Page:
University of Wisconsin accepted 6 percent more international students in 2016, but experts said it had a minimal impact on improving campus diversity.

According to a report from the Institute of International Education, more than one million international students studied in the United States, of which 13,400 were in Wisconsin. The report said approximately 6,500 of those students studied at UW in the 2015-16 school year. 

UW International Division’s spokesperson Steven Barcus said the university’s high ranking and “outstanding academic opportunities” attract international students just as much as domestic students. Having international students on campus adds to UW’s diversity and gives these students opportunities to form connections and new perspectives, he said.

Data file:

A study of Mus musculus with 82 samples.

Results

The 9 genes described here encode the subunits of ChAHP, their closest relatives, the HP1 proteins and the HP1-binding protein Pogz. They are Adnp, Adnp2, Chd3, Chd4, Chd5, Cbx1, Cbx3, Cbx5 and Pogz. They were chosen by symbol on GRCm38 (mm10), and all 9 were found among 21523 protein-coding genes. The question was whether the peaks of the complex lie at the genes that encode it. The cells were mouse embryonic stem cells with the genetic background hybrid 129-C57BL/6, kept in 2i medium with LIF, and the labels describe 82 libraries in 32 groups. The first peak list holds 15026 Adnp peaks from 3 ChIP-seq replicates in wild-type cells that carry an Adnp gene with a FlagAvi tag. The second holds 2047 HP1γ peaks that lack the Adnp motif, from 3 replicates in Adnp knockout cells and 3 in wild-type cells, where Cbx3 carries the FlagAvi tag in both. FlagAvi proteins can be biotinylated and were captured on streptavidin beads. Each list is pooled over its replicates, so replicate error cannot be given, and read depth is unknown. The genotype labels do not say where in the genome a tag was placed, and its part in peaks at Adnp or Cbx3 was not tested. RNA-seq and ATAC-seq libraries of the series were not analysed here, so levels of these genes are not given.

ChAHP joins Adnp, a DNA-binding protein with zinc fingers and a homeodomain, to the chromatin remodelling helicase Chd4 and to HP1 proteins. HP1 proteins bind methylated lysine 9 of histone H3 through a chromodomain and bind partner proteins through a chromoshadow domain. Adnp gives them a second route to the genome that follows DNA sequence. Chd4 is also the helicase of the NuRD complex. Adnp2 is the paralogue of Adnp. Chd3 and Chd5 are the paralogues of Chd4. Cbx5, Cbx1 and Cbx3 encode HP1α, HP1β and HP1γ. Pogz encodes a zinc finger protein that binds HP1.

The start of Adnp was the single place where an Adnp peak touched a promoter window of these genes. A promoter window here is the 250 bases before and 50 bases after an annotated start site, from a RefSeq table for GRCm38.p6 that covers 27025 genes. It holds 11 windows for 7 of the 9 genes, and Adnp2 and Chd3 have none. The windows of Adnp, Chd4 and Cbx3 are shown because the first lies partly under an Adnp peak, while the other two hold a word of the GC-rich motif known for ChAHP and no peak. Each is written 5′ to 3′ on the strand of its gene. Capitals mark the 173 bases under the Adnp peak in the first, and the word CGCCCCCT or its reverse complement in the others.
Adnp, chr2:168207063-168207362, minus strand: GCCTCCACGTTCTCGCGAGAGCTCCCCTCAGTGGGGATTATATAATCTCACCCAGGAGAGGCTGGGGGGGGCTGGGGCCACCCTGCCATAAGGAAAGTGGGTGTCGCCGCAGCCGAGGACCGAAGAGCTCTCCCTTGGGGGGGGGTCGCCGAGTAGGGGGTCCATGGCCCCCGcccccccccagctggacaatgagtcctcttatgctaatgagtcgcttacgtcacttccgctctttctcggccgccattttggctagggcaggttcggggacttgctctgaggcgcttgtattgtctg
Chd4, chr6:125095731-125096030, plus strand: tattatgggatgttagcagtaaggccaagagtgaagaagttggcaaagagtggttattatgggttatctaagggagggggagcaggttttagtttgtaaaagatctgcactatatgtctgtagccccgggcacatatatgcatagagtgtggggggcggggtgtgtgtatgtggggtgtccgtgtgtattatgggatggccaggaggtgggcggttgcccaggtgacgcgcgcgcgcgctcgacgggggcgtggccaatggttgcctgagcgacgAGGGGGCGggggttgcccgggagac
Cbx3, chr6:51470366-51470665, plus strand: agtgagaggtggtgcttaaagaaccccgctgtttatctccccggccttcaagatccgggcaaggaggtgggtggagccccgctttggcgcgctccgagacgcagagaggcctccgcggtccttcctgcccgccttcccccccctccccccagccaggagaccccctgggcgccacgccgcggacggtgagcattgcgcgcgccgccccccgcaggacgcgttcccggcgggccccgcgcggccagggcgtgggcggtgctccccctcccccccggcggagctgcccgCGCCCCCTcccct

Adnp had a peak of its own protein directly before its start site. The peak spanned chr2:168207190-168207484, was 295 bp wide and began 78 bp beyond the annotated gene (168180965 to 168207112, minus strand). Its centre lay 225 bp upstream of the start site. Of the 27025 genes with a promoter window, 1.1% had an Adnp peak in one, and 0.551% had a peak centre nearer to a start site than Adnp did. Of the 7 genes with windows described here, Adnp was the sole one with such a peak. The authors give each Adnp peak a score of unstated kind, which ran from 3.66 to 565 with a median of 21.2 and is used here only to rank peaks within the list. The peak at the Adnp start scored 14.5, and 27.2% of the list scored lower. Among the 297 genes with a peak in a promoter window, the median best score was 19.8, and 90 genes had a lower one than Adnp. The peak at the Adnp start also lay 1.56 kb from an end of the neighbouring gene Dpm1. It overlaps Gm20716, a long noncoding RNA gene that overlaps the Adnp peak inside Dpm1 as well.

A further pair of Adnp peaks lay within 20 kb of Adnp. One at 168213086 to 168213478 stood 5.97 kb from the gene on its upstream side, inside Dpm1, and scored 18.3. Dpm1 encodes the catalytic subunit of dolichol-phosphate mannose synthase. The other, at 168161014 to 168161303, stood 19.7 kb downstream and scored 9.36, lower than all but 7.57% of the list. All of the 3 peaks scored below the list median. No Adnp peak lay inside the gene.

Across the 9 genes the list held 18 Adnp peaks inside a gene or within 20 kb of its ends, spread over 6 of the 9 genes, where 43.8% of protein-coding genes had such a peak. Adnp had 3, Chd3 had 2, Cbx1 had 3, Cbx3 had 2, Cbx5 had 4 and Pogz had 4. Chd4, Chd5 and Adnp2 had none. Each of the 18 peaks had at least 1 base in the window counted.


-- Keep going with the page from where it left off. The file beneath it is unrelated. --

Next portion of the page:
It is a major boon for the university to have an increase in international students,” Barcus said.


Radomski said in-state undergraduate enrollment has been decreasing, which could be because international students bring in more revenue. International students bring about $364 million a year, which is more than in-state and non-resident domestic students.


Radomski said having a mix of domestic and international students can help UW become better and more competitive in the global economy. Barcus said international students become international alumni, who share the reputation of the state and university. They help to create global networks and provide resources and support for domestic students studying, working and researching abroad, Barcus said.

“Many campus leaders explain they are enrolling more international students because we live in a global economy, and having domestic and international students will improve the quality of teaching and learning,” Radomski said.